Will Patari.pk be successful in a country like Pakistan?

It has a monitisation program where the artist gets 30% of the cut from Patari’s revenue but will the audience pay?

Haseeb Sultan March 18, 2015
I like to listen to music, just like anybody else. And like a lot of people out there, I crave a musical atmosphere where I don’t have to listen to Bollywood music blaring out the speakers all the time.

And it makes me wonder, whatever happened to the Pakistani music industry? Did it just die? Are we not good enough? Has everyone abandoned it?

In this social media and gadget-infested world, it is not hard to find answers to these questions. I have had discussions with famous artists about it, talked about this on television and even had drawing room discussions about the state of the essentially Pakistan-grown music. And I have discovered that it’s not as bad as it seems.

There are so many musicians out there trying to make a name for themselves, and are using social media and the internet to put out their work for the world to see. And for them, to come together collectively in order to have a single platform to showcase their work has been the biggest challenge, apart from selling their music.

This is where Patari comes in.

Currently in its beta phase, Patari has brought together numerous musicians to provide a single platform to every musician in Pakistan for people to listen to. They have collaborated with over 80 music labels to bring on board all the musical talent in the country and have worked with great music journalists to curate the playlists currently present on the website.

Breaking down the website for you guys, the part that got me intrigued was their invite. It’s cleverly designed to lure the user into signing up. But the problem right now is that only a limited number of invites were sent, as the website is currently in its beta phase.

Photo: Patari website

As one clicks on and signs up, the website automatically takes you to the ‘Discover’ section where you can find all the genres and choose ones you might be interested in. Apart from the regular genres out there, the ones that caught my attention were ‘Bahngra Pop’, ‘Devotional’ (Sufi music), ‘Naya Pakistan’ and ‘Socio/Political’. With a vast library featuring music categorised according to the kind of lyrics one would want to hear, is something worth checking out.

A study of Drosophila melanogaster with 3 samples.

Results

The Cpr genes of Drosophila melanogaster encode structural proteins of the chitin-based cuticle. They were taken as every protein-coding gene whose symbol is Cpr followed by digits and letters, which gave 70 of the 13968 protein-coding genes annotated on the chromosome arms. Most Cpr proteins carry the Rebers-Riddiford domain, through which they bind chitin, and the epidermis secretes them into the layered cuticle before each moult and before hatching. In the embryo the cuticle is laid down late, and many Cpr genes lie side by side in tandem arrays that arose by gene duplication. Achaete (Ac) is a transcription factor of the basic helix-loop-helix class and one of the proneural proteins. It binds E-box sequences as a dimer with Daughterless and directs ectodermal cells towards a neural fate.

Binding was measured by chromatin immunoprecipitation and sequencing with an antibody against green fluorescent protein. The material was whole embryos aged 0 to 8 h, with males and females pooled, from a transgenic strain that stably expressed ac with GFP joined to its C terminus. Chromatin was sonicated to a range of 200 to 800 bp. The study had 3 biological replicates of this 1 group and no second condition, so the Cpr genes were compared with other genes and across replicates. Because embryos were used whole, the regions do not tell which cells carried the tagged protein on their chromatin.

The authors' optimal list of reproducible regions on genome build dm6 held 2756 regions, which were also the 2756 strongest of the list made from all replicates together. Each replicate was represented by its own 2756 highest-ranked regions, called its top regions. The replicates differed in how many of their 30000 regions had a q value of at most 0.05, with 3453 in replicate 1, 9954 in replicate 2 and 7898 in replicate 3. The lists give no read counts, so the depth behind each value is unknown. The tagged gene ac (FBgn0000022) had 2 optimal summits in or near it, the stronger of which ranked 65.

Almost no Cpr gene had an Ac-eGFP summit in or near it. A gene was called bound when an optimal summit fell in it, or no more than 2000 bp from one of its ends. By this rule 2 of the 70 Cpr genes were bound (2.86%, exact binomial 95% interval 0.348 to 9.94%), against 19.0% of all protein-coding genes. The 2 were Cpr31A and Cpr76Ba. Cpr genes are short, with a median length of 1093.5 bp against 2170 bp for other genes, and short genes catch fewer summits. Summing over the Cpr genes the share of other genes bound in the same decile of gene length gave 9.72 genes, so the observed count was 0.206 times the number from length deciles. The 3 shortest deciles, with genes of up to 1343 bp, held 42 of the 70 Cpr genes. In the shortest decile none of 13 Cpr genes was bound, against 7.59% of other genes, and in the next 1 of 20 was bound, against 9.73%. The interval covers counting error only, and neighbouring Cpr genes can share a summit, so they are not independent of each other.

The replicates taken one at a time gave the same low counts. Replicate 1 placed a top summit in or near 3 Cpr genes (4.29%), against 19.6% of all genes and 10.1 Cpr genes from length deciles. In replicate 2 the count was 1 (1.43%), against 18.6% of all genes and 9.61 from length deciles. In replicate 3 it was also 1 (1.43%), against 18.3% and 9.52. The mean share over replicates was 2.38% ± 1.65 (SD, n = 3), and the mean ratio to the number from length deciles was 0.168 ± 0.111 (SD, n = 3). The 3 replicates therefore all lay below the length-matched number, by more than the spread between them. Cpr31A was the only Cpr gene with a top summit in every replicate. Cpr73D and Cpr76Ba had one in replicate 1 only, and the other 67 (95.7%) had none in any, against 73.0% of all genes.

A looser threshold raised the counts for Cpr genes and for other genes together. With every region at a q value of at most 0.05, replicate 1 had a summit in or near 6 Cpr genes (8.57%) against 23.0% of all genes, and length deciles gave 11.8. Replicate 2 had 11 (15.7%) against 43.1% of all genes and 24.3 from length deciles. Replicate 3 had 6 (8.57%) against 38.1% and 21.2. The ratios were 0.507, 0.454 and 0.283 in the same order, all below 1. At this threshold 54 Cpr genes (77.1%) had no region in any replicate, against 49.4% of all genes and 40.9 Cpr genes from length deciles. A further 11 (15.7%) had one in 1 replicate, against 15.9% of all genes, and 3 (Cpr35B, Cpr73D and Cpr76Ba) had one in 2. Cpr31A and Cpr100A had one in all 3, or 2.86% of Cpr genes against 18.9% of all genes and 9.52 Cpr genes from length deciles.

Photo: Patari website

Checking out the Sufi genre, you will find Arieb Azhar, Ali Zafar, Junoon along with many new artists like Abdullah Qureshi.

Photo: Patari website

As you discover, you will see that there are categorisations according to mood as well. You have, from your ‘Break Up’ playlist to ‘Baarish’ (rain) to ‘Funk’ and playlists curated according to the kind of emotions one might want to indulge in.

Photo: Patari website

The ‘Break Up’ playlist features all cool artists, from Shehzad Roy and Najam Sheraz, to new artists like The Tamaashbeens.

Photo: Patari website

Apart from already present playlists on the website, you can make your own and ‘favourite’ the songs you might want to put on repeat.

There’s also a feature through which artists on board have their bios on their own artist pages. Their songs are categorised according to their albums and are featured on other albums.

Photo: Patari website

With the international market equipped with websites like Spotify, where artists get a part of the revenue generated through subscriptions, Patari.pk is providing local artists an outlet of the same kind. It has a monitisation program through which the artist will get 30% of the cut from Patari’s revenue. This gives hope to upcoming musicians who think that pursuing music is not a financially feasible option.

However, keeping all praise aside, the real issue Patari will have to face is engaging its customers when it goes into its commercial zone.

Will users pay for the music they want to listen to?

Are users willing to pay for something they can surely find on either YouTube or other websites?

In a country like Pakistan, where piracy is at its peak, Patari will definitely face tough competition if it wants to stay relevant. With more of the Pakistani community coming on to social media, how will Patari appeal to the masses once it does decide to go commercial?

Virtual hipsters will pay for the service, but if there’s a simple music lover who can find the things he/she wants on other platforms, how will Patari lure such people into using it? Only time will tell how Patari does in the future, but right now, it looks like something worth appreciating.

Here’s what the Twitterverse is saying about Patari:


From how it’s looking, Patari might just be the thing our Pakistani music industry needs to bring our people out from under the Bollywood rock and back to enjoying our own music. So if you’re craving some great Pakistani music, I suggest you sign up and give this a try. Supporting our music industry is very important and this is where you can do it – so stop complaining about what Pakistan lacks and start appreciating the little things we do have!
Haseeb Sultan The author is is a dentist, writer, and an artist. He blogs at blog.haseebsultan.com and tweets at @haseebsultan_ (https://twitter.com/haseebsultan_)
The views expressed by the writer and the reader comments do not necassarily reflect the views and policies of the Express Tribune.